In the early 1970’s, Pontiac noticed that sportier models from Mercedes and BMW were starting to make inroads into the U.S. market. Unlike American cars of the time, the German manufacturers gained success by combining luxury features with sporty performance. Hoping to capitalize on this trend, Pontiac took the luxury appointments of the Grand Prix interior and combined it with the performance features of the Trans Am into a stylish version of GM’s new A-Body to create the original Grand Am. Following launch, car enthusiasts quickly labeled Grand Ams as “sleepers” since they had the straight line performance of the Trans Am with superior “Radial Tuned Suspension” handling. Unfortunately, the Grand Am launched just as the Arab Oil Embargo hit and with only a selection of gas guzzling V8s to power the car, sales quickly dwindled and consequently Pontiac canceled the car after a short three model year run.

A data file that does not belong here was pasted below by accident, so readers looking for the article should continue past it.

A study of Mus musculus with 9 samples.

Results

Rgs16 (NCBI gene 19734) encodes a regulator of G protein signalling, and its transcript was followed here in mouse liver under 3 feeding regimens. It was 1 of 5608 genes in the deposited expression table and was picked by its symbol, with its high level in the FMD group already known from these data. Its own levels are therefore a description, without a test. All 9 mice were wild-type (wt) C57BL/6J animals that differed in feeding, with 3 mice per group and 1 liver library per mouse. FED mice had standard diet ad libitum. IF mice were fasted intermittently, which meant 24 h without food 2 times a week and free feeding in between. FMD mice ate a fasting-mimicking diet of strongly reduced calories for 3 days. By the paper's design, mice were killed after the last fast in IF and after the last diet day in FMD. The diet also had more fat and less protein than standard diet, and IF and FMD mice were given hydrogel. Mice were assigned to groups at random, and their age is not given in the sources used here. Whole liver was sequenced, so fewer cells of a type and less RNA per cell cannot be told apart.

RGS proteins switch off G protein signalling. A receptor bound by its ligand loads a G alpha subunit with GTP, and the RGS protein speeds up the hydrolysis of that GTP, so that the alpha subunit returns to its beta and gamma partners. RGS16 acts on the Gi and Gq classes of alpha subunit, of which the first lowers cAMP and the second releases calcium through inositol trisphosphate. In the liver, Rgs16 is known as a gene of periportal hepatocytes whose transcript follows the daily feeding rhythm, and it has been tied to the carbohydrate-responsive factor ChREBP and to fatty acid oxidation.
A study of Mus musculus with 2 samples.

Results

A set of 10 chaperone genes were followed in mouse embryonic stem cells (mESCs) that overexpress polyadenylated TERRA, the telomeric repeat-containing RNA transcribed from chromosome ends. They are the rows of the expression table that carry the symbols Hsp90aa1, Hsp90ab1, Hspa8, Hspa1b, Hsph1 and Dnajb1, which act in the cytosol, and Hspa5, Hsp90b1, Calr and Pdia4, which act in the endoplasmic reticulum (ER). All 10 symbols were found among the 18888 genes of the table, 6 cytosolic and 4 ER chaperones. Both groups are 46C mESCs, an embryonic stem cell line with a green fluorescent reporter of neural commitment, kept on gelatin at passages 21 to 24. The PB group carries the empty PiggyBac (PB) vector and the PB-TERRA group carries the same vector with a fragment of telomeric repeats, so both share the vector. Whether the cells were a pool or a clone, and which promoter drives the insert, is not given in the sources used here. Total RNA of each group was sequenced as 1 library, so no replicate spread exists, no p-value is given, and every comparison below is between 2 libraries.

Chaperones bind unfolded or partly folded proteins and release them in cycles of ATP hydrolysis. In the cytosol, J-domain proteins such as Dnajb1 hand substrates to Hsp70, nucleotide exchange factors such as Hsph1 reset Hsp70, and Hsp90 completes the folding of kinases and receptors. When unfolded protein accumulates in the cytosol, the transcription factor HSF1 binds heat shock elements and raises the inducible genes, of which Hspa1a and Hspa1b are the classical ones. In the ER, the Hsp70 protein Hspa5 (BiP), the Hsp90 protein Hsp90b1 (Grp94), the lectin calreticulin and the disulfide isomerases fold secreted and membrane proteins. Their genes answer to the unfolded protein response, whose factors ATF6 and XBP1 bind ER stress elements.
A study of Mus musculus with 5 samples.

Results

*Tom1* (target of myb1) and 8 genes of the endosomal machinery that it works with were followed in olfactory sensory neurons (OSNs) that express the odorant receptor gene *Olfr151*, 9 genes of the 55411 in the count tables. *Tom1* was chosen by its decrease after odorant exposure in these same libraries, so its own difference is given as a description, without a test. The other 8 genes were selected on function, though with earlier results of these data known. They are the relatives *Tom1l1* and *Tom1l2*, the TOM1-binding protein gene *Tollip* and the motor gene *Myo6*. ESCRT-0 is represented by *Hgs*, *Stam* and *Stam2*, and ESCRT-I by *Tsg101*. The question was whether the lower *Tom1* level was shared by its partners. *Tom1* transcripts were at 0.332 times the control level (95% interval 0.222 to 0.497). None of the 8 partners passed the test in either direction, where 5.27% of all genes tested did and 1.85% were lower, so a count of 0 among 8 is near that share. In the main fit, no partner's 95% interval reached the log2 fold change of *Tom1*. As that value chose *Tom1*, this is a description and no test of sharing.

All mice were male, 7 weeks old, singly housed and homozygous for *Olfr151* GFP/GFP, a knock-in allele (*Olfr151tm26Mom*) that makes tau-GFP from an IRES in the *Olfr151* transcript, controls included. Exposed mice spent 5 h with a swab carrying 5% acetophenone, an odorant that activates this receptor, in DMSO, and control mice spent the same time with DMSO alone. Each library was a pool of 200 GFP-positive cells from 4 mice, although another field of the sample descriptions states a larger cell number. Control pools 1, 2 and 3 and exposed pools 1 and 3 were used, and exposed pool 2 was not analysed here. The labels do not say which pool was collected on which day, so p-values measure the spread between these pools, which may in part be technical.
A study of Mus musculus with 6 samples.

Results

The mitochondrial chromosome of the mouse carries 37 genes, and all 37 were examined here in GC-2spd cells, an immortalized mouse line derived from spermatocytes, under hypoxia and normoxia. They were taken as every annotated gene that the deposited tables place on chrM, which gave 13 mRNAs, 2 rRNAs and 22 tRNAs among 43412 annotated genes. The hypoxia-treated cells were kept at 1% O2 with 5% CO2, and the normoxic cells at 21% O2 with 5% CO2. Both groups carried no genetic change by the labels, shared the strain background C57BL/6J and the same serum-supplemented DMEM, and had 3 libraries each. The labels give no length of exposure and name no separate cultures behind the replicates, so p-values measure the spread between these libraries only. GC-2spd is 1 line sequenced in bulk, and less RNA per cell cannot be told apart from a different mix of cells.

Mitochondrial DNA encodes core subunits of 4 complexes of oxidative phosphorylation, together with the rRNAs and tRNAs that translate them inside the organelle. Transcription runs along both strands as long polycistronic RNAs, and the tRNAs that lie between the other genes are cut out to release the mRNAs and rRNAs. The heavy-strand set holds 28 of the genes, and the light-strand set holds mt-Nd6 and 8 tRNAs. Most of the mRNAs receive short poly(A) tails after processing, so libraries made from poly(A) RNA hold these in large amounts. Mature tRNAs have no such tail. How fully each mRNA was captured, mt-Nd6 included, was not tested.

We found this 1973 Alcott Silver-over-Black vinyl Pontiac Grand Am here on Hemmings.com located in Syracuse, NY for the asking price of $21,500. Based on the Hagerty Insurance online valuation tool, the private seller has his car listed about $3,000 below the #1 Concours condition level, so we feel there is room for negotiation on the purchase of this car. With less than 36K miles on the clock, this car appears to be a straight and rust free example of the marque.

The black vinyl interior is in excellent condition consistent with the car’s low mileage. A fun fact is that this was the first GM car to move the high beam switch from a floor button to a stalk-mounted control on the steering column. The seller states the factory air conditioning blows cold air. The factory AM/FM radio also remains in place.

Equipped with the optional 400 cubic inch V8 topped with a four barrel carburetor, this Grand Am makes a pleasant alternative to the flashier Trans Am of the time. Good luck with the sale!